It was probably during our first year of marriage– we were living on our own in the apartment we were renting– my wife, our cat, and I were enjoying a peaceful evening when our doorbell rang.
Standing out side was a man and he had some pamphlets in his hand. I let the man in the house, and we started to look at his material. By now, you’ve probably guessed that this man was a Jehovah’s Witness. What was strange was that I thought that these people traveled in groups of two– and here was a single guy.
At the time, I was a deacon in my church, and figured that this guy didn’t know what he had gotten himself into.
Over the next few weeks, once a week, this man came by, we had him into our house, and he and I looked at the Scriptures and compared what the Bible said to what he believed. He even brought a cat toy once for our cat. In the end, however, he stopped coming to the house– probably about the time that he figured that there was no convincing me that the Trinity was false (which is where we had started our discussion).
It wasn’t until many weeks later in a sermon that I found out that, though my heart was right, I had disobeyed a portion of scripture.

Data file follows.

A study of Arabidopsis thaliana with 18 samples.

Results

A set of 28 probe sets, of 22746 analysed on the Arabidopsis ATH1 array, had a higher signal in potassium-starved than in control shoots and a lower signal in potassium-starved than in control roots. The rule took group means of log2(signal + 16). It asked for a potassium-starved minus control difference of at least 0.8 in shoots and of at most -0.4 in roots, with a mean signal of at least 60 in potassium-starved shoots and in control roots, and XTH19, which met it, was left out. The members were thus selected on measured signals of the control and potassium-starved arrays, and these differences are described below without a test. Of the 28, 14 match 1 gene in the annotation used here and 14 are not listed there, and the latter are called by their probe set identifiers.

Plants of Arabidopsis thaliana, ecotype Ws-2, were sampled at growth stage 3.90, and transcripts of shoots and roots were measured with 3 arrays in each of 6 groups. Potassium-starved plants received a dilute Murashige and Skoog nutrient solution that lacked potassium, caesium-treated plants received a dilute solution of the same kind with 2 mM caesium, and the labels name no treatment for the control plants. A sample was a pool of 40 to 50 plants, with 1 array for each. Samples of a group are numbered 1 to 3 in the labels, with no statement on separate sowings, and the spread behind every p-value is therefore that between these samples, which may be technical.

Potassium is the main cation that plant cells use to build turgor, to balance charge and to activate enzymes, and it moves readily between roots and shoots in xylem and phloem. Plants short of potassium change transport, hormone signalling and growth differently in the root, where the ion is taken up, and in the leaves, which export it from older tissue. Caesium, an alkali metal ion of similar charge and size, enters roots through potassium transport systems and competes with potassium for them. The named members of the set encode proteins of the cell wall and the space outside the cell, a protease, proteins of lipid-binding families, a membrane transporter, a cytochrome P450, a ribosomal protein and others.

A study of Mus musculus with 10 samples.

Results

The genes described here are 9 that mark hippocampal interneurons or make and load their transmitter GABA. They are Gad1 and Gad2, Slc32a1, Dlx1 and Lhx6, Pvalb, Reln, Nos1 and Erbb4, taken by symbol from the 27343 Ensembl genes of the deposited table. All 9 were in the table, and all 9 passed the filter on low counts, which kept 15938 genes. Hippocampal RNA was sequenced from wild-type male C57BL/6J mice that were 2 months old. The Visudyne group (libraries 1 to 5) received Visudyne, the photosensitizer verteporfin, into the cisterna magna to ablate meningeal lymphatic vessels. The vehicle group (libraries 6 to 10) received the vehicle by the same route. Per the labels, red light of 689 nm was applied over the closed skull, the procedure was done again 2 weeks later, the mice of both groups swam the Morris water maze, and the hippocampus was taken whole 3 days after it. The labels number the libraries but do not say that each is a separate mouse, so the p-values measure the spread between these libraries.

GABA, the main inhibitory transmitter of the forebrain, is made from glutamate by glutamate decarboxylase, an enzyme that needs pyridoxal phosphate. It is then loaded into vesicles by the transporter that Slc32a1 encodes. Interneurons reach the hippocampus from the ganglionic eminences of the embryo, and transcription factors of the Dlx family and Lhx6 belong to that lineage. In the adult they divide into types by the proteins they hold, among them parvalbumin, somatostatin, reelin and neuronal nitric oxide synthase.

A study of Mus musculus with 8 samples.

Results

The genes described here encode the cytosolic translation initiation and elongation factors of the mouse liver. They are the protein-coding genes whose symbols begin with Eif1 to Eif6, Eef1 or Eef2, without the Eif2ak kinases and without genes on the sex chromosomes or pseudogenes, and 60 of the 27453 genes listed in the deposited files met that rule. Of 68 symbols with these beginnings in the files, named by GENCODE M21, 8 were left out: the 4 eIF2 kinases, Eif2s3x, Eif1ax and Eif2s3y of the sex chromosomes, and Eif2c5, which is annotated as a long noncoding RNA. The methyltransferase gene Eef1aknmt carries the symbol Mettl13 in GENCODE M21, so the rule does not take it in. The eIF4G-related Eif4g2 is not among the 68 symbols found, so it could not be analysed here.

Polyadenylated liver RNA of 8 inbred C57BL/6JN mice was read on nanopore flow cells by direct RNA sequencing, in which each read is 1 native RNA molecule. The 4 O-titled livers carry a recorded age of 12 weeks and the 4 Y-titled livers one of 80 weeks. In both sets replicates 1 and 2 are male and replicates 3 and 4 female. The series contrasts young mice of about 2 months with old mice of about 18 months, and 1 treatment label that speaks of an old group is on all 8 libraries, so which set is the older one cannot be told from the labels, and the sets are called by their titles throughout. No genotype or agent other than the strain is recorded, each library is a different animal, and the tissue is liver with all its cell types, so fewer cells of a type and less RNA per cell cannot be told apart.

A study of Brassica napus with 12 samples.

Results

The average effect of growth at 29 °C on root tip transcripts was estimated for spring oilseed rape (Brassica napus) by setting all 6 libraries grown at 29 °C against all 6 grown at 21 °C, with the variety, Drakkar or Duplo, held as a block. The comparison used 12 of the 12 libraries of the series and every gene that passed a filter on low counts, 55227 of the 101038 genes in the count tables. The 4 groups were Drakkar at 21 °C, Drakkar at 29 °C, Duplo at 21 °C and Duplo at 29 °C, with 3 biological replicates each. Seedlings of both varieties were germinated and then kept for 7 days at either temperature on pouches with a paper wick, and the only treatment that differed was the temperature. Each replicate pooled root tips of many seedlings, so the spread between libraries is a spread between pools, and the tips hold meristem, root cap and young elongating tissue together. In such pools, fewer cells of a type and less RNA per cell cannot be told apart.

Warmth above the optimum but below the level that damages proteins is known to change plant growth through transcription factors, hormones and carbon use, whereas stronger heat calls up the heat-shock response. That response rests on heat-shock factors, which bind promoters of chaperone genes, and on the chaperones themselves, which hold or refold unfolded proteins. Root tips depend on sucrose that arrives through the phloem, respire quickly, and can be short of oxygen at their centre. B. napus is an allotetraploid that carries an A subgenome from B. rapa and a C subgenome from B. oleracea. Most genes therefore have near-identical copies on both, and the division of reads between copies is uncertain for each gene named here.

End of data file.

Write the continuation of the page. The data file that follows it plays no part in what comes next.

10 If anyone comes to you and does not bring this teaching, do not receive him into your house or give him any greeting, 11 for whoever greets him takes part in his wicked works.
You see, this passage (which teaches us what to do about false teachers) clearly tells us that if someone comes into our presence and we know that he’s teaching false doctrine, we’re not to greet him or have him in our house.
Our cultural sense recoils here. How can inviting someone into our house be that bad? No one stands around outside anymore– so how will I witness to people that come by my house?
The problem at the time of this writing and today is that we show people favor when we let them in our house– just like I show people favor when I link to them from this blog. Now if someone comes and says something wrong on this blog, I can correct it according to the Scriptures. But if all someone in the neighborhood sees is me welcoming in a Jehovah’s Witness, they do not know whether I also agree with that teaching or what that person is doing in my house– and it’s obvious when a JW is coming door to door.
John the apostle is saying that our testimony is important– we are called to live a high standard which means that when people see us as Christians we are to be ones that bring glory to God. We are not to cause anyone to doubt who we are or what we stand for.
So, I’ll talk to a JW, but only on my porch or in a public place. I won’t give them the privilege of entering into my house.